It’s not often Selling gets a decent mention in the Harvard Business Review. And yet again here’s a piece that slightly misses its mark. My territory is too small is apparently our number one gripe.
As some of the early commentors alluded to, there’d be quite a lot for a survey on major grumbles to hang its hat on.
Turf size, quota enormity, marketing absence, product shortfalls, tech support. The list is endless. Fans of old MacGregor and his X & Y Theories would have a field day. When I hold one-on-ones inside a client salesteam, if I forget to stress our session isn’t about laptop battery life, cold call fliers or management mis-direction I can assure myself of a traumatic talk.
So how the researchers derive at their contention that the biggest gripe is territory size alone I’d certainly like to see.
Still. There is one good point they touch on. When it comes to turf size, here’s some sense;
These concerns, and many others, can be moderated with actionable measures of account or territory market potential
For as long as I can remember this kind of thinking has been termed your virtual territory.
If you don’t know the full spend potential of your patch you are doomed.
I’ve seen many a salesteam struggle with this. The example I like to give comes from several years ago, where a marketing guy stood up and berated an entire sales force for having not a single one of them respond to his request to identify potential in their accounts for a new product he was thinking of introducing. But I’ll leave that one there!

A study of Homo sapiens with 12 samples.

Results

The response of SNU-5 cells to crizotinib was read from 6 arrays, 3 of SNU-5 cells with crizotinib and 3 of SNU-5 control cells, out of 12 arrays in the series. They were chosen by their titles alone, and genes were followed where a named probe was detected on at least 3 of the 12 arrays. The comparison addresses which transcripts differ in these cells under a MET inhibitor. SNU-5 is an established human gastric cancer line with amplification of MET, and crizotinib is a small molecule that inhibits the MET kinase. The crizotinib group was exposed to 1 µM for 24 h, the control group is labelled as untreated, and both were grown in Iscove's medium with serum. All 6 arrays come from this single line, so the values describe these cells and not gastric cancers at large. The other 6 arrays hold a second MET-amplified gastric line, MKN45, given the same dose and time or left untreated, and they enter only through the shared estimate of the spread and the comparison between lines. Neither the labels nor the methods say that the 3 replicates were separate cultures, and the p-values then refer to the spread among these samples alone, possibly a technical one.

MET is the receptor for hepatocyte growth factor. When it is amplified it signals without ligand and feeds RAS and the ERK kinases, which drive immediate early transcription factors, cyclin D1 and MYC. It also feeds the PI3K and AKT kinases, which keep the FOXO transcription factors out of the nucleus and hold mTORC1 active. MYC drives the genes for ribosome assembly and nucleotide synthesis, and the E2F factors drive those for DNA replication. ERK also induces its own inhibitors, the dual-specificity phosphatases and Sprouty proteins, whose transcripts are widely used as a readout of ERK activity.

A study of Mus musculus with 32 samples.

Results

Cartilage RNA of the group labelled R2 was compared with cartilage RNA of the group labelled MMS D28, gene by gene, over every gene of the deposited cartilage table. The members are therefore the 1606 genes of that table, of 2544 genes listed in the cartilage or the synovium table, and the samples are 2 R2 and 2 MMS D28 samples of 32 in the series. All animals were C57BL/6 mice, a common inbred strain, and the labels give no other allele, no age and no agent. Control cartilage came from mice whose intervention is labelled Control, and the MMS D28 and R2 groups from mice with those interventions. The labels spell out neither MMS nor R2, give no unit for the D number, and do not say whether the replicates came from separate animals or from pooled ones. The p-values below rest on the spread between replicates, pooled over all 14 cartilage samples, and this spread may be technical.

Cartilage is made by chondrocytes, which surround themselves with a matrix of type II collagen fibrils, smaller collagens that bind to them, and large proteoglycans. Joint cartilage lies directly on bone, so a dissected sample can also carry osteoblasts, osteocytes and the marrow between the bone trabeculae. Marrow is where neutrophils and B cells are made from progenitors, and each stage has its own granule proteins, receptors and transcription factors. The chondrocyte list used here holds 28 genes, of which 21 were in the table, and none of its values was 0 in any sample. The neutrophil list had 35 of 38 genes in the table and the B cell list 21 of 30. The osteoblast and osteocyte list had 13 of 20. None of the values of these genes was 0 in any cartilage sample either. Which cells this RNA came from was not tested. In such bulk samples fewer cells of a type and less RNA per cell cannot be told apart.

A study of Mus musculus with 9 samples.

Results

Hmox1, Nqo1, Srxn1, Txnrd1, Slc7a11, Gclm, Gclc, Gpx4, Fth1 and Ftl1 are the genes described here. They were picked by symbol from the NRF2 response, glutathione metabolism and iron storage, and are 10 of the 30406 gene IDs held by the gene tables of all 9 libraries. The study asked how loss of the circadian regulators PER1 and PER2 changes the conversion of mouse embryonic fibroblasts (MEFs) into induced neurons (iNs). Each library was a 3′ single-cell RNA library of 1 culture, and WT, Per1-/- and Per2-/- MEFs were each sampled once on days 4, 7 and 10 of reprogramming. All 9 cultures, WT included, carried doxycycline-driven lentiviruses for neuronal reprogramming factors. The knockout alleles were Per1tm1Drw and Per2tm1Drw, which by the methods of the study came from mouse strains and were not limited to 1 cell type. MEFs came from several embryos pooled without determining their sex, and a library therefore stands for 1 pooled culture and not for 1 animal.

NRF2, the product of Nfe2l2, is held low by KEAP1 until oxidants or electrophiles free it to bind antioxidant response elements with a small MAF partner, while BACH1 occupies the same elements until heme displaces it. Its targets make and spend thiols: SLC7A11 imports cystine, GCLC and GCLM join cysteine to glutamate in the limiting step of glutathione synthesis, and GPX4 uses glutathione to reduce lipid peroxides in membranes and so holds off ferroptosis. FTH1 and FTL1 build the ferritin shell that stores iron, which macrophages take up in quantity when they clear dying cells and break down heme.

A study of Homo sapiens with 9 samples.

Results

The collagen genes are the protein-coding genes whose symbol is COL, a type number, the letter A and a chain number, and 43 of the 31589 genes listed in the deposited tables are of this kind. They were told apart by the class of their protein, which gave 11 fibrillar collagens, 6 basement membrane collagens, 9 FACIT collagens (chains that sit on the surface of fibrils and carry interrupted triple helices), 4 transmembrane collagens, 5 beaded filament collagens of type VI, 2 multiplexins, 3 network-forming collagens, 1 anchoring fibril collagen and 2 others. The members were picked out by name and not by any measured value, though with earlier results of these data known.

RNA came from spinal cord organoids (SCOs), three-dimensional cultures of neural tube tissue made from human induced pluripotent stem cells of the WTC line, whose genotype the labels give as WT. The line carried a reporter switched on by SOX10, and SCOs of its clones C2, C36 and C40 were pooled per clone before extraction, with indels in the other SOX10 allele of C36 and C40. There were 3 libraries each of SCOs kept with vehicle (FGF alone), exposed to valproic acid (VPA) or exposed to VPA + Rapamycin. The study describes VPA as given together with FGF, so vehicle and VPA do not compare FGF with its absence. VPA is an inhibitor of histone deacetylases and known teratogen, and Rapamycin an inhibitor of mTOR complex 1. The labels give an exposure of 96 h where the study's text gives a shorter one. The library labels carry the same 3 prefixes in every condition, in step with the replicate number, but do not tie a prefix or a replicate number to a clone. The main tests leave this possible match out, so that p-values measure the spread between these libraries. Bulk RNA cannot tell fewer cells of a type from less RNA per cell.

Yet virtual spend only goes so far. Addressable market helps continue the journey.
There’s a number of elements to take into consideration here.
Do you know the heuristics governing potential spend for your product in your sector? I recall years ago the office product guys used to have several such rules of thumb. A lawyer will spend fifty quid per employee per month on stationery, whereas a manufacturer only thirty. That sort of thing. Many companies I come across today have similar guidelines. Even if as broad as how much a percentage of turnover is likely spent by someone in their space.
Then there’s the fabled gap analysis. Where is the vaunted white space? If someone’s taking x, then surely they ought to be taking y too?
And what about the factors meaning we are blocked out? Maybe a contract tie-in elsewhere, or some other limiting factor?